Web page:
There not a lot of doubt that winter’s here. With the first freeze on its way, let’s jot down a few things you’ll want to address.
Mow your grass to pick up fallen tree leaves and to keep winter weeds leveled off. Even brown and dormant turf can be attractive if it’s kept tidy.
Turn the sprinkler system to “Manual” or “Off” so that you can determine if and when it runs. Of course, if you have a really reliable freeze cutoff and/or a “smart” controller, you could let it call the shots, but honestly, most grass won’t need nearly as much irrigation in winter as many people give it.
If you have branches that died or that were damaged this past growing season, and especially if their falling would put people, pets or property at risk, have a certified arborist prune and remove them. It amazes me how many people leave dead trees standing alongside their homes. A large tree a couple of miles from our house recently fell across a garage, crushing the structure and the truck that was in it. Fortunately, no one was injured, but it all could have been avoided so easily and for only a few hundred dollars.
If you have a tree you’ve wanted to dig and relocate, winter is the time to do that. Keep the root ball intact as you transplant it, and thin the top growth to compensate for roots lost during the digging.
Relative to crape myrtles, you knew I’d mention this: Don’t ever top them. It ruins their natural growth form, and there is absolutely no justifiable reason for doing it. It slows down their summer blooming, and it results in flower heads that are oversized and too heavy for the succulent new growth to support. If you have a variety that is too large, topping is not the solution. Genetics will take it right back to the prior size. Move it to a suitable location, or take it out entirely.
Prune shrubs to remove erratic shoots at any time, but major reshaping should be left until late January or early February. You can generally remove 20 or 25 percent of a shrub’s height or width without setting it back dramatically, but if you’re having to do that year after year, you probably have a plant that’s too large for its surroundings. This would be the time either to move or remove it.
As with shade trees, winter is the time to dig and move plants that need new homes. If you’re starting construction that requires you to clear out a space, you may be able to move and repurpose specimen shrubs into different parts of your gardens.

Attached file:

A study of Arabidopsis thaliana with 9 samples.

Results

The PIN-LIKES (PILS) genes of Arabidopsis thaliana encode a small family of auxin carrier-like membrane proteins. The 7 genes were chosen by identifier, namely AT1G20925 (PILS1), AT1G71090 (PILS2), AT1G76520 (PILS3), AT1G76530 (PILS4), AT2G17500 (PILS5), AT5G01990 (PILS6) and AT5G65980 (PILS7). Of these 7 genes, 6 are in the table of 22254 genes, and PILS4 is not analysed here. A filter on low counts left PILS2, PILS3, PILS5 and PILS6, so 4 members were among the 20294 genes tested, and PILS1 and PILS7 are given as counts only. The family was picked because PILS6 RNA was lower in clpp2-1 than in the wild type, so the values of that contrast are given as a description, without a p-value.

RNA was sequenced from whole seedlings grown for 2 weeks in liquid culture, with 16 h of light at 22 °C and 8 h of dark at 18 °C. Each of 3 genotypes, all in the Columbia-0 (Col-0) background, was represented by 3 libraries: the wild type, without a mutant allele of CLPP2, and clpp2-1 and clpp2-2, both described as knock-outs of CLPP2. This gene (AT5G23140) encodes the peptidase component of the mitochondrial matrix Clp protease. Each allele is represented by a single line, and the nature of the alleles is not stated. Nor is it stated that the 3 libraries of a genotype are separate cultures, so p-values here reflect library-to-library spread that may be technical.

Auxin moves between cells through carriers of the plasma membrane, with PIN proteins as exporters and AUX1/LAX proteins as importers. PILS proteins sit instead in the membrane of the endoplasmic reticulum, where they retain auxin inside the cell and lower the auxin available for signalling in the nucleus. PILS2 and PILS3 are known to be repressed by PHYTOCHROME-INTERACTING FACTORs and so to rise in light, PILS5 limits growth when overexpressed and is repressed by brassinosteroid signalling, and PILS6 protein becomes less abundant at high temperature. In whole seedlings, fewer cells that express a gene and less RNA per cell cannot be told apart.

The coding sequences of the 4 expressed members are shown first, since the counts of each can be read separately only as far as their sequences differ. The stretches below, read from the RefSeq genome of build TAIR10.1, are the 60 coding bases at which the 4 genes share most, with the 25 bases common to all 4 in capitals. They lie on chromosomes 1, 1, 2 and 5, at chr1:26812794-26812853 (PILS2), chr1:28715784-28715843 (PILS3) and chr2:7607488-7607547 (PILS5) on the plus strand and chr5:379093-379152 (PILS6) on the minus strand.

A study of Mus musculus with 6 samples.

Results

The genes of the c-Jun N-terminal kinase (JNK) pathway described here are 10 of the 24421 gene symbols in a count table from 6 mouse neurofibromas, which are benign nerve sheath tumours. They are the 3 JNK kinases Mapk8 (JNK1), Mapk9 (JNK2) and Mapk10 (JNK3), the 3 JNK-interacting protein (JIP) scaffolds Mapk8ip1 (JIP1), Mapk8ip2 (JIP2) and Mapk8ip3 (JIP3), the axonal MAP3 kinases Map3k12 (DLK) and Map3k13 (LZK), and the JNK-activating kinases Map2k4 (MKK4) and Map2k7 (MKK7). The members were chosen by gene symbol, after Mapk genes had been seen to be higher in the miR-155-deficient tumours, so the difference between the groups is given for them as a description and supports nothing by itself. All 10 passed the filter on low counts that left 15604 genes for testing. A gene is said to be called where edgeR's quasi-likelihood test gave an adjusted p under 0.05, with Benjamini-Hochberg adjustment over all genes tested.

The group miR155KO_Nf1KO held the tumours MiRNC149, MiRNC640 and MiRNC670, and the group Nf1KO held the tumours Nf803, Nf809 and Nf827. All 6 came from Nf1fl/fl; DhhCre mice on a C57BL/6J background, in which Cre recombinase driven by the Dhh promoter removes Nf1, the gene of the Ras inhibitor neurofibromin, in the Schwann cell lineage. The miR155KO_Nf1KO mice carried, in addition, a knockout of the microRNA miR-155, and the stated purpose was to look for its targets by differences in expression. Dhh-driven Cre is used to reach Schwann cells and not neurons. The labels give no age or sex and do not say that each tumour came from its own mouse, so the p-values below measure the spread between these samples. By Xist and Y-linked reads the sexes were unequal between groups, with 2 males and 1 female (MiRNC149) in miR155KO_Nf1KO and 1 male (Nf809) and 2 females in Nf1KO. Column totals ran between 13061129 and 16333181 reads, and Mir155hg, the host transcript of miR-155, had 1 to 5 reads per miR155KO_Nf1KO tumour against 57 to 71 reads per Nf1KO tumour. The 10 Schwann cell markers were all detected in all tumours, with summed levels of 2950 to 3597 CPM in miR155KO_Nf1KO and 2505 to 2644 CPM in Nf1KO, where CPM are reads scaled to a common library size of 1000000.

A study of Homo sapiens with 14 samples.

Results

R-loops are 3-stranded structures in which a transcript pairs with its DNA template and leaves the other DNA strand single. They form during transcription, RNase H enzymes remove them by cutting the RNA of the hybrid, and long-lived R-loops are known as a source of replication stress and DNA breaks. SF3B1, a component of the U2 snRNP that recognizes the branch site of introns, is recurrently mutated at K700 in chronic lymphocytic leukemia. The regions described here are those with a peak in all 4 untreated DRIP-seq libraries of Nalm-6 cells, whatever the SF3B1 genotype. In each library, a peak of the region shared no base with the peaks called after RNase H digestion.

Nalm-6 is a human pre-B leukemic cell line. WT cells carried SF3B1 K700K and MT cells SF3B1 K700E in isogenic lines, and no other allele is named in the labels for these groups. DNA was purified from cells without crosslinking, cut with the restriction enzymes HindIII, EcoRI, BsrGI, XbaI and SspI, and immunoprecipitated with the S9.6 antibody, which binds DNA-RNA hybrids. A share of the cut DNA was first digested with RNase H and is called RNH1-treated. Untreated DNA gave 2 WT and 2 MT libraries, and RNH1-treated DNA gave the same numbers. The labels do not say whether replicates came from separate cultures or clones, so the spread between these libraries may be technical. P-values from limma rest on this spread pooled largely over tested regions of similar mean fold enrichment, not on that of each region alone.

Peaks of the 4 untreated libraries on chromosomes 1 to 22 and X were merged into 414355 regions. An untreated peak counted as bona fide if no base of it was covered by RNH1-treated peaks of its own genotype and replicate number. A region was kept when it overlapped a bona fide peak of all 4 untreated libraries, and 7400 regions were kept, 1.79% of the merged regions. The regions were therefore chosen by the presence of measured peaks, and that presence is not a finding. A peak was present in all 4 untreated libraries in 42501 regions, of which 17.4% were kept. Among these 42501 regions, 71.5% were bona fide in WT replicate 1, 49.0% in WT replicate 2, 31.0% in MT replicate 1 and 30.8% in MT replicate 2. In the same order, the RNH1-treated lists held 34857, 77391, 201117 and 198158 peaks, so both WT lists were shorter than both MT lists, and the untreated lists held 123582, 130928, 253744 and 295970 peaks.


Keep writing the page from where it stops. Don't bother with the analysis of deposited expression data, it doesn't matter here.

Don’t feel like you have to keep every last shrub, however. Rows of shrubs that have been growing alongside one another for many years, for example, are challenging to reshape. People who have foundation work done on their houses often try to replant shrubs that have been lifted out in the process. They rarely fit back together. It’s usually better to start fresh with new plants.
Summer annuals are history and their stubble needs to be removed. Rework those beds. You can still plant pansies, pinks and other sources of cool-season color. If you prefer just to leave the beds empty, at least spread a layer of bark mulch or compost to give the beds a manicured look.
Perennials should be pruned to remove all flower and seed stalks and frozen foliage. With plants like mums and fall asters, look for rosettes of new growth near the soil line, and be careful to leave those alone.
Remove all dead crop stalks and foliage. Shred it and put it into the compost pile. Of course, if you have leafy greens and root crops that are still productive, leave them in place.
Have your soil tested to monitor nutrient needs. That’s especially important if you’ve been gardening in the same plot for several years. Our soils tend to accumulate phosphorus (middle number of the fertilizer analysis). It’s slowly soluble, so if we keep adding it year after year, it will eventually build up to levels that are actually detrimental to good plant growth. Identify your soil’s shortcomings before you start planting for spring. The Texas A&M Soil Testing Laboratory will give you accurate results for a reasonable fee. Instructions are available at http://soiltesting.tamu.edu.
Rototill to blend organic matter such as compost, shredded tree leaves, pine bark mulch and well-rotted manure into the garden. Till to a depth of 10 or 12 inches, then let the garden lay fallow, tilling again a time or two before you start planting in late January (less than two months from now!). Freezing and thawing of the soil over the winter will help get the garden ready.